The Republican-controlled Legislature began a push Monday to repeal Texas' 14-year-old law that gives the children of some people living in the United States illegally in-state tuition at public universities. Conservatives vowed to move quickly, while Democrats and Hispanic groups promised a long, bitter fight.

More than 100 people, many college students who wore ceremonial graduation caps, waited hours to defend the so-called "Texas Dream Act" of 2001 before a Senate subcommittee on border security. Their voices are unlikely to help, as the repeal is expected to eventually advance to a full committee.

Tea party-backed Sen. Donna Campbell is sponsoring one of the major bills seeking a repeal, arguing the law acts as a magnet for encouraging families from Mexico and Central America to cross into Texas illegally — even though state higher education officials say there's no evidence that actually occurs.

"It's just bad policy that awards illegal immigration in perpetuity," said Campbell, of New Braunfels, who added that offering in-state tuition and other grants has cost Texas $31 million.

The original law was approved nearly unanimously, designed to make attending college easier for thousands of Texas high school students who were children when they slipped across the Texas-Mexico border with their families. It was signed by Republican then-Gov. Rick Perry, whose support remained so strong that he suggested while running for president in 2012 that conservatives who oppose such measures don't have hearts. At least 15 other states later enacted similar laws.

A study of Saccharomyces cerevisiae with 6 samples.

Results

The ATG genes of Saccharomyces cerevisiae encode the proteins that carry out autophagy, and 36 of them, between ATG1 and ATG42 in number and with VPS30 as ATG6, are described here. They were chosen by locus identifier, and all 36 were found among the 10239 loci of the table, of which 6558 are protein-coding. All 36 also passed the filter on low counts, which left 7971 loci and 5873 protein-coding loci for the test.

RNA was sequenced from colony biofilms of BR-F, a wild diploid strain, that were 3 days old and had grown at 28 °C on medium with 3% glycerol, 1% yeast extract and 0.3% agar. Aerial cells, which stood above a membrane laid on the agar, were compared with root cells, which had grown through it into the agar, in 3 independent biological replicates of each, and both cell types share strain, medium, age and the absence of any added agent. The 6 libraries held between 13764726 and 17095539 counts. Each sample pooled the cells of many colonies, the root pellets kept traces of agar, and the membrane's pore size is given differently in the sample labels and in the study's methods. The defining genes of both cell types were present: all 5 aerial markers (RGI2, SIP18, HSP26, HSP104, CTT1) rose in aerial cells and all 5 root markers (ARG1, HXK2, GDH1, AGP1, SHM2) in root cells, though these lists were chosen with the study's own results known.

Many of Texas' top Republicans have since embraced hard-line immigration policies. Perry's successor, Gov. Greg Abbott, has called the Dream Act flawed and pledged to sign a repeal should it reach his desk.

Supporters of the law counter that it fosters productive, tax-paying state residents who'll help grow the state's economy.

"These kids are not a threat to us, they are our future," El Paso Democratic Sen. Jose Rodriguez said.

He said he was offended by Republican Lt. Gov. Dan Patrick referring the bill to a border security panel, where it may face an easier road to passage than if had gone to committees on higher education or immigration policy. Patrick has called for securing the Texas-Mexico border at all costs.

Campbell's bill would take effect in the 2016-2017 school year.

When supporters raised humanitarian objections, Campbell replied: "If we're looking at just compassion, what about the children in other states of the United States that would love to come to Texas, ours being the best state in the United States, and go to college here, but are charged out-of-state tuition?"

The law only applies to students who have attended Texas schools for three years and graduate from a state high school — which is about 1 percent of college students, according to Sen. Sylvia Garcia, D-Houston.

"We should never be a state that punishes children for the actions of their parents," she said.

Roman Catholic advocacy groups have joined the Texas Association of Business in defending the law, saying the state already has an undereducated workforce and needs more, not fewer, college graduates.

Activist Loren Campos said Monday he crossed the border at age 11 and used the Dream Act to graduate from the University of Texas, before earning a master's in engineering at the University of Houston. Now, he's part of a major renovation project at the Houston airport.

"This law opened the doors to what I thought was an impossible dream," the 26-year-old said. "We have not received a free ticket into college. This is an earned opportunity."